Strömbergshyttan Boy and Girl Pale Blue Oval Swedish Crystal Vases (Listing is for Both)


This is a lovely pair of 1970s art glass vases from Strömbergshyttan. Their designs are likely earlier ones from Asta Strömberg that were adapted for a new technique. In the late 1940s, a skilled glass artist and craftsman named Rune Strand, inspired by his neighbor the dentist, invented a pen-style engraver. The engraving technique using this new tool is sometimes called dental drill engraving, and these pieces were made with that method. A fellow glass group member told me that his uncle, Ragnar Bergqvist, who was both a copper-wheel and dental-drill engraver, sometimes corrected or continued Asta's sketches to make them possible to engrave with the new technique. These vases may be Ragnar's design updates. That's pretty cool.

Each vase is similar in size, roughly 3" x 4" at the rim and 6" tall, and they are heavy, weighing nearly 3 pounds each. They are in excellent condition, clear and sparkling, with only one notable flaw. The side of the little girl's vase has an open bubble in the glass, but it is hardly seen from the front. The bases are fully signed and numbered, and each one has its original plastic label.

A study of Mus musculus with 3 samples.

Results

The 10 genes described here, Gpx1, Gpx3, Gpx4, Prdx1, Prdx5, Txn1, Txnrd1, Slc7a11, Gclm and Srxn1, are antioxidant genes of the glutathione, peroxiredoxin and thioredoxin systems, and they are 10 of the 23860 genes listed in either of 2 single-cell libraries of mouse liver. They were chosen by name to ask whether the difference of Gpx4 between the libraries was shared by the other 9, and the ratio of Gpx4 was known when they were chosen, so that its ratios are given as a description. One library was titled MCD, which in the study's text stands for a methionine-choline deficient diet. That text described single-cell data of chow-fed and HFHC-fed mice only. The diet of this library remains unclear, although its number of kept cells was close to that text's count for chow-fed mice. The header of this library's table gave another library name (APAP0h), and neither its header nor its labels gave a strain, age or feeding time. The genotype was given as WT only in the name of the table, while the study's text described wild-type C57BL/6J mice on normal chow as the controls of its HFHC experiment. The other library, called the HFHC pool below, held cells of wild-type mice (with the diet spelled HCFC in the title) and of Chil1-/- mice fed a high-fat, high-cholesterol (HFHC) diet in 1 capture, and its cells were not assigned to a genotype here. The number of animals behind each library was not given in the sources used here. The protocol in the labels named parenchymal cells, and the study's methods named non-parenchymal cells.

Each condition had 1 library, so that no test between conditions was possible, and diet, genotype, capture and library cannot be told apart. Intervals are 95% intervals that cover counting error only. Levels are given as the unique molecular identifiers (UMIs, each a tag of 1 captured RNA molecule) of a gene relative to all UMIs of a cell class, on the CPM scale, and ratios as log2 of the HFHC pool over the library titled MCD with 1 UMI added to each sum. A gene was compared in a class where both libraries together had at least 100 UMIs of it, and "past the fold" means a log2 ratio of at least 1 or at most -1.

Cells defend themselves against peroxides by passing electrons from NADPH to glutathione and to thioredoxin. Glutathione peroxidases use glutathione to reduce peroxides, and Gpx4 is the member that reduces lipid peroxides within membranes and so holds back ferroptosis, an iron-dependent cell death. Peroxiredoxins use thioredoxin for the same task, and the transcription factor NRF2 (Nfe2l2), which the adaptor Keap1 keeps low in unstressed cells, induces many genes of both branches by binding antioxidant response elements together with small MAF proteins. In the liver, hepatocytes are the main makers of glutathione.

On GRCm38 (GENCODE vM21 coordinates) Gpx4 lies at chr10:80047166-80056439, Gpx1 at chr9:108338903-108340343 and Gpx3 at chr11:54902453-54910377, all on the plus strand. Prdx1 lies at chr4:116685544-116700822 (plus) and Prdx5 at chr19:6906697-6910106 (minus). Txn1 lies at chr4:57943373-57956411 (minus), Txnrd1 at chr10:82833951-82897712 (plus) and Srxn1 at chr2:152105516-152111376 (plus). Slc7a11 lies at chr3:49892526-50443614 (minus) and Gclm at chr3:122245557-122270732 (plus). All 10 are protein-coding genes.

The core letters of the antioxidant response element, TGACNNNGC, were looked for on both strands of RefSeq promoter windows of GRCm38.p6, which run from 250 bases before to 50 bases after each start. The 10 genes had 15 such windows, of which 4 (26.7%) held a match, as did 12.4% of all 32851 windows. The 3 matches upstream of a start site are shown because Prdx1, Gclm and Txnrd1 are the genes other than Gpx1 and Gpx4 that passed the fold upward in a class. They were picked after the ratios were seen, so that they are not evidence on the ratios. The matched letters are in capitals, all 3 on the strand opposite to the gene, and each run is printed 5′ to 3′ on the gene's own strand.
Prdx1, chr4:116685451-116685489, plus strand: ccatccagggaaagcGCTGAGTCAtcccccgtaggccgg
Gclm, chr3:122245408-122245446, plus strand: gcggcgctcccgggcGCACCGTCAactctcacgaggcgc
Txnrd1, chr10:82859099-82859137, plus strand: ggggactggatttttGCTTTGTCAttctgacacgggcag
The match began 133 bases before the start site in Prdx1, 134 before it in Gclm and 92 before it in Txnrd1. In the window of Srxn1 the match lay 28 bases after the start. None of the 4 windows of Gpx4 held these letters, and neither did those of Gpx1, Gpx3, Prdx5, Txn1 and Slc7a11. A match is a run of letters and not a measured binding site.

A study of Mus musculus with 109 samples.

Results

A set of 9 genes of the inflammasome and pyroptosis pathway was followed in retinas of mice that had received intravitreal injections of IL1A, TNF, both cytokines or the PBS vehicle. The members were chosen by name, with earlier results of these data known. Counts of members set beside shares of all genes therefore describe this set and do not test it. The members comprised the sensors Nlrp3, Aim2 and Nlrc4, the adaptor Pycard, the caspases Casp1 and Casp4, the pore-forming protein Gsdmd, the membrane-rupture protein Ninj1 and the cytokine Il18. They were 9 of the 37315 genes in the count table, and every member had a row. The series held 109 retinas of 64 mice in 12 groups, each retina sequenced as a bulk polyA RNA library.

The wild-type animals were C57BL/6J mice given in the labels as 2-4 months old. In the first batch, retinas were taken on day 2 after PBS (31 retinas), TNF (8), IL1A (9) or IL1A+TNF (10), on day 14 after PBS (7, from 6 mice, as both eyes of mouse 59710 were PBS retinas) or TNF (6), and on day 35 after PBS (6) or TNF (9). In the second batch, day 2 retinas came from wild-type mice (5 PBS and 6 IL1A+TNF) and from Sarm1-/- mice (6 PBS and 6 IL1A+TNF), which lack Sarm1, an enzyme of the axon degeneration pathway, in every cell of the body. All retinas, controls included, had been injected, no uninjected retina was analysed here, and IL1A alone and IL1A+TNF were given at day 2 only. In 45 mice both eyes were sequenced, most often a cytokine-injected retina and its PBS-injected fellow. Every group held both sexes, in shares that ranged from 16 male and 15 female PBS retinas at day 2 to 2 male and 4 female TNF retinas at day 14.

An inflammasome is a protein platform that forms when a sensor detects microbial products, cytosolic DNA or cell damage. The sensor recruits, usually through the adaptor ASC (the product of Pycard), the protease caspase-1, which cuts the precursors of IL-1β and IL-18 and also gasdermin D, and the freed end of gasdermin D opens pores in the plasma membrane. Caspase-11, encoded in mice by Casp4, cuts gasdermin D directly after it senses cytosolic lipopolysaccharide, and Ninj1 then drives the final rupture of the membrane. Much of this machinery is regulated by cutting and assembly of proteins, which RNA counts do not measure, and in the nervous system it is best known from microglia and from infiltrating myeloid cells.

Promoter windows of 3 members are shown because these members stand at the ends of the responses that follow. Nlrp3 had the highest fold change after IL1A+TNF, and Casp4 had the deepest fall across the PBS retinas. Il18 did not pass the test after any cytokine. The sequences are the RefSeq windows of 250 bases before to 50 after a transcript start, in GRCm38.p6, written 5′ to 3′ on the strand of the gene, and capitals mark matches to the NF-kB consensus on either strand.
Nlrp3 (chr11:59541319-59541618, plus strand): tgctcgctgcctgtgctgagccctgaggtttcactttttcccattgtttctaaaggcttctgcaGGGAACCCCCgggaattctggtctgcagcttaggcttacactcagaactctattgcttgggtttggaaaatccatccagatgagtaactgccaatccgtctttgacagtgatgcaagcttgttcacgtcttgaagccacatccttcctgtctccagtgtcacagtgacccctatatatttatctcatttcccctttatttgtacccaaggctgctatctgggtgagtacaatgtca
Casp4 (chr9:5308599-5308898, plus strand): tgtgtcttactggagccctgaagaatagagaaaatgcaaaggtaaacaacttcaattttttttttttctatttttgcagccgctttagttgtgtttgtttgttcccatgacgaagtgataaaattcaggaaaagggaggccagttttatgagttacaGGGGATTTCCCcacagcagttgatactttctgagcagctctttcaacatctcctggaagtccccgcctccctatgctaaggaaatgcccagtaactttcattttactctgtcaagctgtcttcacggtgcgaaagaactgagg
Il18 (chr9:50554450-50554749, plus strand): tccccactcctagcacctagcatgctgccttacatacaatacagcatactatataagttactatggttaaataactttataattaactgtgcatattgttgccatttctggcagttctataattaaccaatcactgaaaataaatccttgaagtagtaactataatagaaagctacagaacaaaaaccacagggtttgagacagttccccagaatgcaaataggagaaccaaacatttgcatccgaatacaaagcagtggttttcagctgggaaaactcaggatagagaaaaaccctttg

Here is a little of the story of Strömbergshyttan. In 1876, a glassworks called Lindfors ("winding falls") opened about 50 km west of Orrefors. In 1933, Edward Strömberg, who was a former head at Orrefors, and his wife Gerda, who was a designer at Eda, leased the company and changed the name to Strömbergshyttan ("Strömberg's hut"). Edward and his son Eric devised a way to produce a glass that had a bluish-silver hue, which became characteristic for Strömbergshyttan. Eric Strömberg and his wife, Asta, bought the company in 1945, and they invested heavily to modernize it. The Strömberg family further upgraded the mill in 1960. For most of the 40+ years that the family controlled the glass mill, Gerda and Asta Strömberg designed the glass.* In the 50s and 60s, the talented ceramic artist, Gunnar Nylund, also designed for Strömbergshyttan, which is when this vase was made. A fire in 1973 left the glassworks in financial difficulties, and it was sold to Orrefors in 1976. Orrefors closed the Strömbergshyttan glassworks just three years later. (Adapted from Nils Bergqvist.)

*Let's hear it for women leading the design work!